Buhari: Nigeria working towards eliminating kerosene lighting by 2030
June 17
21:12 2022

President Muhammadu Buhari says Nigeria is working towards moving away from using kerosene lighting by 2030. 

In a statement by Garba Shehu, Buhari’s spokesperson, the president said this on Thursday at a virtual meeting hosted by US President Joe Biden on energy and climate change.

Buhari said Nigeria’s plans to improve public transportation, forest programmes, and reduce kerosene lighting will enable a significant reduction in carbon emission by 2030.

“Our updated NDC includes the waste sector which is expected to contribute to the reduction of Nigeria’s greenhouse gas emissions,” Buhari was quoted as saying.


“Other action plans that are inherent in our NDC include; elimination of kerosene lighting by 2030, increase in the use of bus rapid transit as a means of transportation for the general public, 50 percent reduction in the fraction of crop residues burnt by 2030 and implementation of forest programmes, initiatives to deliver 20 percent greenhouse gas emission reductions and enhanced removals equivalent to approximately 74.2 Metric tons of carbon dioxide by 2030, and Ratification of the Kigali Amendment to the Montreal Protocol to phase out hydro-fluoro-carbon emissions.”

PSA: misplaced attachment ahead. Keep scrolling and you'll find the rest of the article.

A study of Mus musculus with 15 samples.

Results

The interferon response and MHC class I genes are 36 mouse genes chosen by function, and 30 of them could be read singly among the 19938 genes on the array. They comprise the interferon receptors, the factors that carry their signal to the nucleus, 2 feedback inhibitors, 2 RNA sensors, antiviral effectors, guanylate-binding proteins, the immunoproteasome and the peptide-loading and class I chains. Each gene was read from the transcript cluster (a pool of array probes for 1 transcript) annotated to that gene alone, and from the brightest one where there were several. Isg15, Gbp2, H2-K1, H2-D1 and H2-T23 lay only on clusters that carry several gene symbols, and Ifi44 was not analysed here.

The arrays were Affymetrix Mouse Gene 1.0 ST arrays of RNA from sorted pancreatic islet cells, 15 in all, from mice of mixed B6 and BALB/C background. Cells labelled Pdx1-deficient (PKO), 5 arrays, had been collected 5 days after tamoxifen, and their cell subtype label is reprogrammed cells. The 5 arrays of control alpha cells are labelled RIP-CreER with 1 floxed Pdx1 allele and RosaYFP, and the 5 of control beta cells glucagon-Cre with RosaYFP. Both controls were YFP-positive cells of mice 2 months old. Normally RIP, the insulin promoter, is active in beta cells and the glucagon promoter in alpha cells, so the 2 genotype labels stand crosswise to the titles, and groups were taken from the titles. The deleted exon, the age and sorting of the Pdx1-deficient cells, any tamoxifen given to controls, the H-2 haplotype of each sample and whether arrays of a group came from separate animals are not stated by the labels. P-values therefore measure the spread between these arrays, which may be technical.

Buhari added that Nigeria is developing national frameworks for carbon pricing, and that the country had finalised action plans for NDC implementation in key sectors including: energy, oil and gas, agriculture, power, transport, and waste.


“Nigeria’s 2019 national plan to reduce has started through the required voluntary actions, with an initial focus on elimination of short-lived pollutants methane in the oil and gas sector,” he said.

“Our plan aims to improve air quality and reduce Nigeria’s contribution to climate change through 22 specific mitigation measures in eight source sectors (transportation, cooking and lighting in households, industry, waste, oil and gas, agriculture, power and Hydro-Fluoro-Carbon) as well as adoption and ratification of the Kigali Amendment to the Montreal Protocol aimed at phasing out Hydro- fluoro-carbon emissions.

“The full implementation of these measures would be effective in reducing short-lived pollutants, with an 83 percent reduction in black carbon emissions by 2030 compared to a business-as-usual scenario, and 61 percent reduction in methane emissions.




This story is published in partnership with Report for the World, a global service program that supports local public interest journalism.